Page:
Linux Candy is a series of articles covering interesting eye candy software. We only feature open source software in this series.
Some of the programs in this series are purely cosmetic, frivolous pieces of fun. Candy at their finest. But we also include some programs that aren’t purely decorative.
There are a diverse range of programs included in this series. Programs such as eDEX-UI and Variety are actually highly practical programs. ASCIIQuarium has soothing and relaxing qualities for your desktop. Other programs included in this series (such as lolcat, cacafire) are included purely for their decorative qualities. And then there’s some really fun software that just raises a smile or two.
The ps command turned 50 years old this year. The version provided by the vast majority of current Linux distributions is part of an independently maintained package called procps, which actually is a set of utilities for monitoring a system and its processes. Besides ps, procps includes a myriad of useful utilities such as free, sysctl, top, uptime, vmstat, w, and watch.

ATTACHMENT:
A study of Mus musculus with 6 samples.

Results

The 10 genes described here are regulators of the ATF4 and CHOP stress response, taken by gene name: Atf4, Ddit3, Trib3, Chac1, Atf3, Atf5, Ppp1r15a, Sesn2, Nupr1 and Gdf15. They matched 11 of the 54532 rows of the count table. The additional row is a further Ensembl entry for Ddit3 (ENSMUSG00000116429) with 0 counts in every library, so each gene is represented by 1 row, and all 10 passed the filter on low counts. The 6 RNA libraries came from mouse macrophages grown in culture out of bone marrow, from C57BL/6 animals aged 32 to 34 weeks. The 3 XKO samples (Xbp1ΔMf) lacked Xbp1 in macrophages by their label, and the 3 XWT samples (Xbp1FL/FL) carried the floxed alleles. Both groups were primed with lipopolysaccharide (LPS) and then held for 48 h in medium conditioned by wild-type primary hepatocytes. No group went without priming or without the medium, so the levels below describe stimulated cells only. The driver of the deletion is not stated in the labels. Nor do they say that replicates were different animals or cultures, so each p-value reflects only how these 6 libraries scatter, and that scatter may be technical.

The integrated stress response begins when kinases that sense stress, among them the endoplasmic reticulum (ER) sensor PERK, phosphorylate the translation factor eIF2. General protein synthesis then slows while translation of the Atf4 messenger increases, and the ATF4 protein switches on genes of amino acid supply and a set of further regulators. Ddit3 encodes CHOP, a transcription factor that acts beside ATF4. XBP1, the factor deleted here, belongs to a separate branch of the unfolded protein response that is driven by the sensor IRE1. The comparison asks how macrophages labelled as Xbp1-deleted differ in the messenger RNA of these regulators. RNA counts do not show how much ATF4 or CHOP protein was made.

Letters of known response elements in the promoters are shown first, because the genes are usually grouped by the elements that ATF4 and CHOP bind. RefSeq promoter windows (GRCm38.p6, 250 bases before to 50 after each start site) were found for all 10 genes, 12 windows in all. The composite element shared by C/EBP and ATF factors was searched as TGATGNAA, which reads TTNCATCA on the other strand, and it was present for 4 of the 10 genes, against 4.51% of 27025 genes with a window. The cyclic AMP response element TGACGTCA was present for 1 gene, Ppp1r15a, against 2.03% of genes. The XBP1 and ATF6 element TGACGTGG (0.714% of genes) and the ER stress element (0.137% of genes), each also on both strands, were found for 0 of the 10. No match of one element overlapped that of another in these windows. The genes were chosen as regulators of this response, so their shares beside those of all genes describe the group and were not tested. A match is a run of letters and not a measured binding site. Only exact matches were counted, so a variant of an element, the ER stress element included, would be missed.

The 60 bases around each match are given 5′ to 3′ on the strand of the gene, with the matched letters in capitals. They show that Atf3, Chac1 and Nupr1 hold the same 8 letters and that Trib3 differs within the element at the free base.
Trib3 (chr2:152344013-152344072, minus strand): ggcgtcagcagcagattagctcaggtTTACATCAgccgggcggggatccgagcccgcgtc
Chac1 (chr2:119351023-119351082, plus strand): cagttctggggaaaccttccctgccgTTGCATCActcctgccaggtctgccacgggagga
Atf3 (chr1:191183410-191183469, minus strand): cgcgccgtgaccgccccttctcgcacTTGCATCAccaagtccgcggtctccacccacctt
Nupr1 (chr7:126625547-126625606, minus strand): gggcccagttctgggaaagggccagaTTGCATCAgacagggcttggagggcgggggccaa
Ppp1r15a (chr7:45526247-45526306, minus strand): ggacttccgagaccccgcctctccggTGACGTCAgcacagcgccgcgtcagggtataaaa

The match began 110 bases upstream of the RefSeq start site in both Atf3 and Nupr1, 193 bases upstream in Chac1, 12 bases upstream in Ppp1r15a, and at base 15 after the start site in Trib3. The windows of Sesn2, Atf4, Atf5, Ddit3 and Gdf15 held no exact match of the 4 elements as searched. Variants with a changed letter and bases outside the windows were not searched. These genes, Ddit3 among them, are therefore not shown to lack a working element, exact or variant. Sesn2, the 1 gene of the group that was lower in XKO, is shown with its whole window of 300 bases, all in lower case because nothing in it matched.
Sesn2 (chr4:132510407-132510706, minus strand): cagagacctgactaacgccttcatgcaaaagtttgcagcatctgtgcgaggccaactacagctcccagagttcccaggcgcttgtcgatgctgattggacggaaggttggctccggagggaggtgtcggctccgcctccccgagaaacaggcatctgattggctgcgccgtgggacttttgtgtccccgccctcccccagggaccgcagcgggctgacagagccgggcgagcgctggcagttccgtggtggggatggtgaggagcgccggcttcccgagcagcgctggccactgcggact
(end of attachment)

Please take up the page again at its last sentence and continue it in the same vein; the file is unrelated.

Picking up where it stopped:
We tested pscircle using the Arch-based Manjaro distro. There’s a package in the Arch User Repository. But we tested the software with a manual approach, in part because most of our readers don’t run an Arch-based distro.
First, clone the project’s GitLab repository.
$ git clone https://gitlab.com/mildlyparallel/pscircle
Change to the newly created directory:
$ cd pscircle
Make a build directory and change to that directory:
$ mkdir build && cd build
Use the Meson build system:
$ meson ..
Use Ninja to build the software. Ninja is an alternative build system to make.
The output from the above commands is shown in the image below.
The final step is to install the software system-wide:
$ sudo ninja install
This command installs the pscircle executable to /usr/local/bin.